Thomas Pyle

The world’s oil market seized in recent days amid heightened tensions between the United States and Iran in the Strait of Hormuz. Oil-rich Iran, sensitive to the prospect of global sanctions on its exports, hinted that it would attack American shipping in the strait.

Approximately 35 percent of all oil shipped by sea, and 20 percent of all oil traded worldwide, travels through the strait, according to the U.S. Energy Information Administration. The vast majority of oil exported from the Middle East passes through this strategic sea lane. At its narrowest point, the Strait of Hormuz is just 35 miles wide, qualifying it as one of the most vital choke points on the planet.

Market analysts become jittery when even a whiff of a potential oil supply interruption permeates the air. This latest incident resulted in a $5 to $10 a barrel spike in futures. The fact that oil prices didn’t leap higher is a vote of confidence that ultimately, Iran will not deliver on its threats. All bets would be off if Iran followed through on its blockade threat, however, and consumers could see a 50 percent increase in oil prices within days, according to energy analysts.

If there is an upside to the Persian saber-rattling, it is the potential to serve as a wake-up call to Washington’s policymakers on the urgent need to increase America’s domestic energy production.

The good news for Americans is that domestic energy resources are so vast that our power needs can be met for generations to come, according to the "North American Energy Inventory” released in December by the Institute for Energy Research. That is, if Washington will do its part by getting out of the way.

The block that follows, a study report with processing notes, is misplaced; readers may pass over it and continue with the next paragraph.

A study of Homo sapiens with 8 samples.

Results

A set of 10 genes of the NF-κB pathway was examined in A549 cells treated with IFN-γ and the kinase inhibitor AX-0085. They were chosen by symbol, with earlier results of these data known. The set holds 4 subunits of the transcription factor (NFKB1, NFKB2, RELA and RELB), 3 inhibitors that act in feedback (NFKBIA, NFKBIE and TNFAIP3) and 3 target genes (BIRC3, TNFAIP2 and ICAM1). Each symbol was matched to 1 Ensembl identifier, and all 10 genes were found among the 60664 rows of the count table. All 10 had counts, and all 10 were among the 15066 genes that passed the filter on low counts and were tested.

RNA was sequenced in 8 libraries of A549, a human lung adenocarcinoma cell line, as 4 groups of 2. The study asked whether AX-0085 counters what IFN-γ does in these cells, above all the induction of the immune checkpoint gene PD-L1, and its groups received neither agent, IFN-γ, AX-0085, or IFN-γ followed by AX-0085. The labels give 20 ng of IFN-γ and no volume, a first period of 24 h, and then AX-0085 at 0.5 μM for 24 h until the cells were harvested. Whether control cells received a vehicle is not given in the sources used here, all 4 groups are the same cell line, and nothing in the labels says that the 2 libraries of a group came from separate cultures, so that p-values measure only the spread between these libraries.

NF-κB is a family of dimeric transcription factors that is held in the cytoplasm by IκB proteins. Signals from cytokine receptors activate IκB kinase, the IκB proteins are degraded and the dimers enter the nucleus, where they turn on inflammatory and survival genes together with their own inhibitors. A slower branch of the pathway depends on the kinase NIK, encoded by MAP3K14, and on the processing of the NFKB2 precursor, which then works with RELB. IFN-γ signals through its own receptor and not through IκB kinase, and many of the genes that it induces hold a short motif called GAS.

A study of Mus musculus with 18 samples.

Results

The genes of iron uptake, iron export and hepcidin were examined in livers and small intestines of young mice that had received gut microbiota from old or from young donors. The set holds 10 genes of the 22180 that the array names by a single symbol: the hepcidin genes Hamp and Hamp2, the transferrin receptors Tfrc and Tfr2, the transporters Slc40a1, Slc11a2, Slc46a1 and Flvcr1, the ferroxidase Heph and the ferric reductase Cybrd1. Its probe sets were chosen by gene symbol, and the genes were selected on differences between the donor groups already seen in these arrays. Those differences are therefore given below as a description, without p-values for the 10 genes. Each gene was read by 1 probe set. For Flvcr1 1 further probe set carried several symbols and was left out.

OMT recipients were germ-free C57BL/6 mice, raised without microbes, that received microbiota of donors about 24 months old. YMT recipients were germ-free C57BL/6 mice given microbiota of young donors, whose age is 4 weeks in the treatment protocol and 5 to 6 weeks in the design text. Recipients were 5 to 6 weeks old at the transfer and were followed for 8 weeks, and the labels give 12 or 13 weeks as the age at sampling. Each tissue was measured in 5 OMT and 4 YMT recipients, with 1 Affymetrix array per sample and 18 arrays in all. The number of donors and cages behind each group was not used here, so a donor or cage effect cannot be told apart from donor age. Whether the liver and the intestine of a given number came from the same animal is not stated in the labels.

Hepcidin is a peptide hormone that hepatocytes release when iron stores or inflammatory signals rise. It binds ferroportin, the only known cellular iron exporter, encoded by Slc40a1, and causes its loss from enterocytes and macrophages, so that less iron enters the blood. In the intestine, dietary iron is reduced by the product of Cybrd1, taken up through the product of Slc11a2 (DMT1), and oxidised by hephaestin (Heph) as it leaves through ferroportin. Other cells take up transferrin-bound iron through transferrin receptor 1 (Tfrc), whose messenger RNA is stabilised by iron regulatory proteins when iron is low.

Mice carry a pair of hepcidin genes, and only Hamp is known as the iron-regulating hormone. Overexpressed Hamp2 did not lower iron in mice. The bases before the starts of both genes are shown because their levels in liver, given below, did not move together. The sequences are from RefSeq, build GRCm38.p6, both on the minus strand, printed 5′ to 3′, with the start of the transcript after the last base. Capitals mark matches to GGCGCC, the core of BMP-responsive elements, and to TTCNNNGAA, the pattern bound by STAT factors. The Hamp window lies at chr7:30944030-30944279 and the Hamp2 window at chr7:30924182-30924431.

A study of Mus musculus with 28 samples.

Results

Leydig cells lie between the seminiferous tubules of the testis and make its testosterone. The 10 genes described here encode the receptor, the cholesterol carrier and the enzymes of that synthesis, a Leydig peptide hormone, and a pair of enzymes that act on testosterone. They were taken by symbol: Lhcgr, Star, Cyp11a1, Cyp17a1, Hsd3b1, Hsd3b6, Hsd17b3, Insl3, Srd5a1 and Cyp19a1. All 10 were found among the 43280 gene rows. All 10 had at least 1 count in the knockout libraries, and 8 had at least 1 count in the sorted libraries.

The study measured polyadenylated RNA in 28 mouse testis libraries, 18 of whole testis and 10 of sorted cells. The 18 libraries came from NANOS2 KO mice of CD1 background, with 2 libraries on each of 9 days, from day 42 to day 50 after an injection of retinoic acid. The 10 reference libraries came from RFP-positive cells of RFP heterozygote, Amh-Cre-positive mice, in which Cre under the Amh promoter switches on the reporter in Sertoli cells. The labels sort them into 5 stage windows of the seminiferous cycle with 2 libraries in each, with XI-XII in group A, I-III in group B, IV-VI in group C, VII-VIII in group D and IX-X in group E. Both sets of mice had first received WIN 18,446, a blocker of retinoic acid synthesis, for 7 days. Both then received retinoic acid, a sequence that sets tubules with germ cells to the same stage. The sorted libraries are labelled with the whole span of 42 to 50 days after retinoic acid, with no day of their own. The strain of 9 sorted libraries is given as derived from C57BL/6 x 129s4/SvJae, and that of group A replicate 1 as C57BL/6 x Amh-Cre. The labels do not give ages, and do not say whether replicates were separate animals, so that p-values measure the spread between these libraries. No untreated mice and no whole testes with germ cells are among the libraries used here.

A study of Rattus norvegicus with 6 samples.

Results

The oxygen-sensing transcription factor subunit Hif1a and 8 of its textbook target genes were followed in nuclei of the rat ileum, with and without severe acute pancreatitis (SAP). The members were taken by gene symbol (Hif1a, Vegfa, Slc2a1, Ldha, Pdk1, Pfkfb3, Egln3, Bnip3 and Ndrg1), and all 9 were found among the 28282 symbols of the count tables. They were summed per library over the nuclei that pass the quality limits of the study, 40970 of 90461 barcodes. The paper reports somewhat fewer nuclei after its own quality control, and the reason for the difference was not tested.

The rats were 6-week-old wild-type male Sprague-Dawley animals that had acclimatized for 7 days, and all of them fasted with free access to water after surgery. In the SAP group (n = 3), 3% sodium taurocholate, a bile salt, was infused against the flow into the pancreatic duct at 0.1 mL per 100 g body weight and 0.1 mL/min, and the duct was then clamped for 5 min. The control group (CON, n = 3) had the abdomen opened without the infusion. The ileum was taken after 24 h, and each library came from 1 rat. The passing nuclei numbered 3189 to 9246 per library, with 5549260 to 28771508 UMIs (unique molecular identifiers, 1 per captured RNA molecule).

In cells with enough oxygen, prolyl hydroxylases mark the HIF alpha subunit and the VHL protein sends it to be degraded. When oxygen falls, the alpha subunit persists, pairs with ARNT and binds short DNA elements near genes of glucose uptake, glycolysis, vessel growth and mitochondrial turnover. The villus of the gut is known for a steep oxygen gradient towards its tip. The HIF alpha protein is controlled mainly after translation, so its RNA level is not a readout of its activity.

In terms of oil, the proven reserves of 1.79 trillion barrels available in North America is more than will likely ever flow through the Strait of Hormuz and in fact twice that of all the OPEC nations combined. That’s enough to fill the tank of every passenger car in the United States for the next 30 years. Our natural gas future is even brighter. An estimated 4.244 quadrillion cubic feet of recoverable resources could keep every home well-heated for the next 575 winters at current usage rates. With proven reserves of 497 billion short tons of coal, our need for electricity will be satisfied for the next 500 years at the current level of consumption for electricity generation. Ill-advised policymakers and federal regulators are the only barrier separating consumers from affordable domestic energy. These needless regulations and restrictions have little to do with safe, clean energy production and everything to do with political cronyism and irrational green agendas. The result: America remains far too vulnerable to shifting events on the other side of the globe. Perhaps the incident in the strait is enough to provide Washington with the impetus it needs to finally unleash domestic energy production and put tens of thousands of Americans back to work in the process.

Thomas Pyle

Thomas J. Pyle is the president of the American Energy Alliance (AEA). In this capacity, Pyle brings a unique backdrop of public and private sector experience to help manage AEA’s Washington, DC-based staff and operations. He also helps to develop the organization’s free market policy positions and implement education efforts with respect to key energy stakeholders, including policymakers, federal agency representatives, industry leaders, consumer entities and the media.